Content By Devops .com
When we think of climate change and the existential threat of global warming, our minds often conjure images of dirty factories pumping out carbon dioxide or fuel-guzzling cars sitting idle with their engines rumbling. We think of ice sheets tumbling into the ocean and sea levels rising, and we know that grand, sweeping changes are needed. However, while it’s always good to have one eye on the elephant in the room, it’s equally important to step back and look at the picture as a whole.
Changing Climate Perceptions
Have you ever thought about your own impact on the environment when settling down to stream something on Netflix? Or how your Zoom meeting tomorrow might contribute to the climate emergency? A recent study found that, despite a record drop in global emissions in 2020 due to the pandemic, the switch to remote working and at-home entertainment still presented a significant environmental risk. One hour of streaming or video conferencing, for instance, can emit 150 – 1,000 grams of carbon dioxide, so perhaps you should think twice about switching on your camera during your next virtual meeting. That’s because everything you do online is facilitated by a data center somewhere in the world. That data center will need to be powered, cooled and maintained in order to operate effectively. The majority of countries reported around a 20% rise in internet traffic from the beginning of the pandemic, meaning those data centers have to work even harder.
Now, let’s apply this to the world of business. Do organizations consider their cloud activity or data center usage when assessing their environmental footprint? If the latest figures are anything to go by, simply turning down the thermostat by a few degrees may not be enough. Today, the technology business sector consumes roughly 7% of the world’s energy. By 2025, Greenpeace estimates that figure could skyrocket to more than 20%, mainly due to innovations in cloud computing designed to drive efficiency, automation and, of course, facilitate remote working.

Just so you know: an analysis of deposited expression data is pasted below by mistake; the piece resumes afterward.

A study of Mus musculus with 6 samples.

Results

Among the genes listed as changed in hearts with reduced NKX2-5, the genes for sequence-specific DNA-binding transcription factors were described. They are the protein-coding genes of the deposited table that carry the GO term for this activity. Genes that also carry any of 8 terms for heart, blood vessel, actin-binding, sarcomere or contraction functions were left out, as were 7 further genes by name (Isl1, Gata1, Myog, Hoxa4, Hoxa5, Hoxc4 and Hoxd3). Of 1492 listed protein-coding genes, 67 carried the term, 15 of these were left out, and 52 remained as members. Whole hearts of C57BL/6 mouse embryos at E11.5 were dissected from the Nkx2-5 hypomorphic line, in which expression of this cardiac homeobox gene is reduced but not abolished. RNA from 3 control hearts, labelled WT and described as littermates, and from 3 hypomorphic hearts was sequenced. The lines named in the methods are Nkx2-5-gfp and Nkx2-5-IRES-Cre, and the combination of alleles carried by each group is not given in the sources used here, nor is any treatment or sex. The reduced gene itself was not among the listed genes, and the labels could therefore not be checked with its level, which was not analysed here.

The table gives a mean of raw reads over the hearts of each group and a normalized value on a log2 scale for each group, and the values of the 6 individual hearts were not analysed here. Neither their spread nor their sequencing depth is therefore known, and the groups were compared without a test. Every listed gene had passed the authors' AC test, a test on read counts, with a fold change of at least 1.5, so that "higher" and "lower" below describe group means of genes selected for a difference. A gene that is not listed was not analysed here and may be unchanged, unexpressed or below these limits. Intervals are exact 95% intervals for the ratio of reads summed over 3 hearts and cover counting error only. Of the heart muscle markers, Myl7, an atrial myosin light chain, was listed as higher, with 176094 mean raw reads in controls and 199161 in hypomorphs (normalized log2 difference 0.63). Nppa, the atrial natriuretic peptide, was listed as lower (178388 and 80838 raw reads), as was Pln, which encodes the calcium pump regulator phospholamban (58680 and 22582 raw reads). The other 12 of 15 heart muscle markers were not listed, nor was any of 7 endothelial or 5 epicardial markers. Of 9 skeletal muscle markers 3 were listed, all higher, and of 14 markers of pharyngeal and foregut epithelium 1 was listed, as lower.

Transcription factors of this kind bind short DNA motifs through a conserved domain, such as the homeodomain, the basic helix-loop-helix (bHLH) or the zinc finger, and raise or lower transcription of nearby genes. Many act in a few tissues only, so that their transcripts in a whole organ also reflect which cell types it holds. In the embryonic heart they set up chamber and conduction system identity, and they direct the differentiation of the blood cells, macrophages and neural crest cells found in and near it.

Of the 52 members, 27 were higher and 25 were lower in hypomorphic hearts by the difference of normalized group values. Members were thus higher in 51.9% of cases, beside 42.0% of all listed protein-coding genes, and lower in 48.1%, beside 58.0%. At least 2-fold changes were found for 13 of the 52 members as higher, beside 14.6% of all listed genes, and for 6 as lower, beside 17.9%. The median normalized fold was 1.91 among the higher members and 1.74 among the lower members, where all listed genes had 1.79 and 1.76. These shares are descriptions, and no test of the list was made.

Data center workloads increased by 500% between 2010 and 2020 as more of the working world moved online. In the U.S. alone, data centers use roughly 660 billion liters of water per year to generate electricity and cool their facilities. In recent years, greenhouse gas emissions from data centers have eclipsed that of the entire global airline industry. That means your company’s use of technology could contribute more to global warming than a transatlantic flight. It’s clear that our perceptions around climate change and our relationship to the environment need to broaden considerably.
Turning the Tide
Fortunately, it seems the tide is turning. There are initiatives popping up all around the world to try and counter the impact our data centers are having on the environment. The European Union, for instance, has launched the 2030 Climate and Energy Framework – which aims to reduce greenhouse gas emissions by 40% by 2030, with all sectors doing their part. While governments have traditionally focussed on the more obvious issues, such as the burning of fossil fuels by cars, it seems their scope is now broadening in the knowledge that every action – large or small – helps. If we can solve the problem of polluting data centers now, before our dependence on them grows exponentially, we can prevent the next big ‘elephant in the room’ from emerging. Google knows this, and vowed to power all of its data centers using carbon-free energy by 2030. Other companies, like Equinix, are even further along with their green initiatives to protect and power a more sustainable digital world. In 2019, over 90% of Equinix’s global data center energy consumption was covered by renewable energy sources, pushing it one step closer to its long-term goal of using 100% clean and renewable energy.
Computing has always had an impact on the environment, but it was so negligible that it barely registered. Those impacts are still negligible when looked at in isolation, but when multiplied by billions, they quickly add up. By changing the way we think about cloud computing and accepting it as a net contributor to the climate crisis, we can start to steer our future to safer shores. Making sure you work with data centers who share your passion for a green future is a great first step.